Florida Gov. Rick Scott reversed course on Wednesday and said his state would temporarily accept the provision expanding Medicaid coverage included in the new healthcare law spearheaded by President Barack Obama.
Scott becomes the seventh GOP governor to sign on to the plan, rejected by some high-profile state chief executives still at odds with the politically charged law considered by many Republicans as a government overreach and widely known as Obamacare.
Scott changed his mind after the federal government agreed to grant the Sunshine State a waiver allowing for the privatization of Medicaid, which Scott had said was a necessary step before he endorsed expansion of the healthcare program for the poor.
"While the federal government is committed to paying 100 percent of the cost of new people in Medicaid, I cannot, in good conscience, deny the uninsured access to care," he said. "We will support a three-year expansion of our Medicaid program under the new healthcare law, as long as the federal government meets their commitment to pay 100 percent of the cost during this time."
The federal government will pick up the total cost of the expensive expansion for the first three years, after which the funding will phase down to 90%. The program covers all adults with annual incomes at or below 133% of the federal poverty level, which is currently $14,404 for an individual.
Scott said he supports legislation that "would sunset after three years and need to be reauthorized."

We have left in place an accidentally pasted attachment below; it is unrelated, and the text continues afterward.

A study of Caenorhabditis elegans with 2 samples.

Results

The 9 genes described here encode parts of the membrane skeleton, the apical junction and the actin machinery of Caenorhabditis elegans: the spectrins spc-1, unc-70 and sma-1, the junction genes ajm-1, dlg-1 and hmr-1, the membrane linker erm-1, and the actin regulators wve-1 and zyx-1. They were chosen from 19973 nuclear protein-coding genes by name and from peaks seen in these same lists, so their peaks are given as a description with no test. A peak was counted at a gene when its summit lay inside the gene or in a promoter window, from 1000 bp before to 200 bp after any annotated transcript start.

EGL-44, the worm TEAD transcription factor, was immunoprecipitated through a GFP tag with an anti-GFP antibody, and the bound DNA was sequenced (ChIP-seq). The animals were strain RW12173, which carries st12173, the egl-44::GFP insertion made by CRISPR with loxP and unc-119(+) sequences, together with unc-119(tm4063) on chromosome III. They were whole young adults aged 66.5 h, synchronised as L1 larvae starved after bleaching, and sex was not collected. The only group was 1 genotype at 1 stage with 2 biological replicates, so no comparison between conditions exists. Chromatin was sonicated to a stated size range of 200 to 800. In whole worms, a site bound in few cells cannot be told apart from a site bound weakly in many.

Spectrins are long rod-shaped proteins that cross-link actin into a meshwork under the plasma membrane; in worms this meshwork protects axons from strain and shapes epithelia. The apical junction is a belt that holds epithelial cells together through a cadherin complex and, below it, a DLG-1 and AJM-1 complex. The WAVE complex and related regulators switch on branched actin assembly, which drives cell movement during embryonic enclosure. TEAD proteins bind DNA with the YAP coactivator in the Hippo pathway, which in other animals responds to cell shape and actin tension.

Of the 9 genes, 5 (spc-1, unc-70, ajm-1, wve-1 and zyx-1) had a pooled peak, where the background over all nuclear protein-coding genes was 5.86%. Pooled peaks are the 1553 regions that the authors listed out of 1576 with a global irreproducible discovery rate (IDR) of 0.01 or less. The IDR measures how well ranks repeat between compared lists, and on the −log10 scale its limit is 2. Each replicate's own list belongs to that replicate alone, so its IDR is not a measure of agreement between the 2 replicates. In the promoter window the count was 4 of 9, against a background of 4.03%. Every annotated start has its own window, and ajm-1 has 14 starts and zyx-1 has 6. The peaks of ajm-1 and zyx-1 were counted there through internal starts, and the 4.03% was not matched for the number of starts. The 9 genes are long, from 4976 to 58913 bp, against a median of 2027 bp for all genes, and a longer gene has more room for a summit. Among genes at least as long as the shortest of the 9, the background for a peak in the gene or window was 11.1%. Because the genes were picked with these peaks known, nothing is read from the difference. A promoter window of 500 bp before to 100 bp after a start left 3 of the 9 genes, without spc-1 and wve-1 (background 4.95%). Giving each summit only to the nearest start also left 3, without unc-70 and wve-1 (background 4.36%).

During his 2010 bid for governor, he campaigned heavily against Obama's health plan, including the so-called "individual mandate" at the core of the initiative that requires citizens to obtain health insurance.
He had vowed to support GOP attempts to repeal the law, but after Obama's re-election in November conceded those efforts were unlikely to succeed.
He also said he wouldn't implement the Medicaid expansion, along with a measure establishing state run health care exchanges. In its 2012 decision upholding Obamacare, the Supreme Court ruled that states could opt out of those elements of the law.
Scott said in his Wednesday statement that his decision "is not a white flag of surrender to government-run healthcare" but instead practical. If his state had opted out, he argued, Floridians' federal taxes would be funding this coverage in other states while uninsured people in Florida received no benefit.
Scott joined Rick Snyder of Michigan, John Kasich of Ohio, Jan Brewer of Arizona, Brian Sandoval of Nevada, Susana Martinez of New Mexico, and Jack Dalrymple of North Dakota in endorsing the Medicaid expansion. So far, 19 states and the District of Columbia have indicated they will accept the federal funds.
Other Republican governors, including some who are considered potential 2016 presidential candidates, have rejected all or parts of the measure, including Bobby Jindal in Louisiana and Rick Perry in Texas.
Gov. Bob McDonnell joined them on Wednesday in announcing his opposition to the Medicaid expansion. He cited future costs to his state.
"To do so would be irresponsible and place crushing financial burdens on future governors and legislatures," he said in a statement.
At least 10 states have so far said no.
Governors Chris Christie of New Jersey, another potential presidential candidate, has yet to detail his plans on the Medicaid expansion.
While Scott said Wednesday that he supports the Medicaid expansion, final approval will be required from the state's legislature.
The Supreme Court last summer upheld the individual mandate and the Medicaid expansion, though it allowed states to choose whether to participate in the expansion program. It could reduce the number of uninsured adults by more than 11 million by 2019, according to a Kaiser Family Foundation estimate.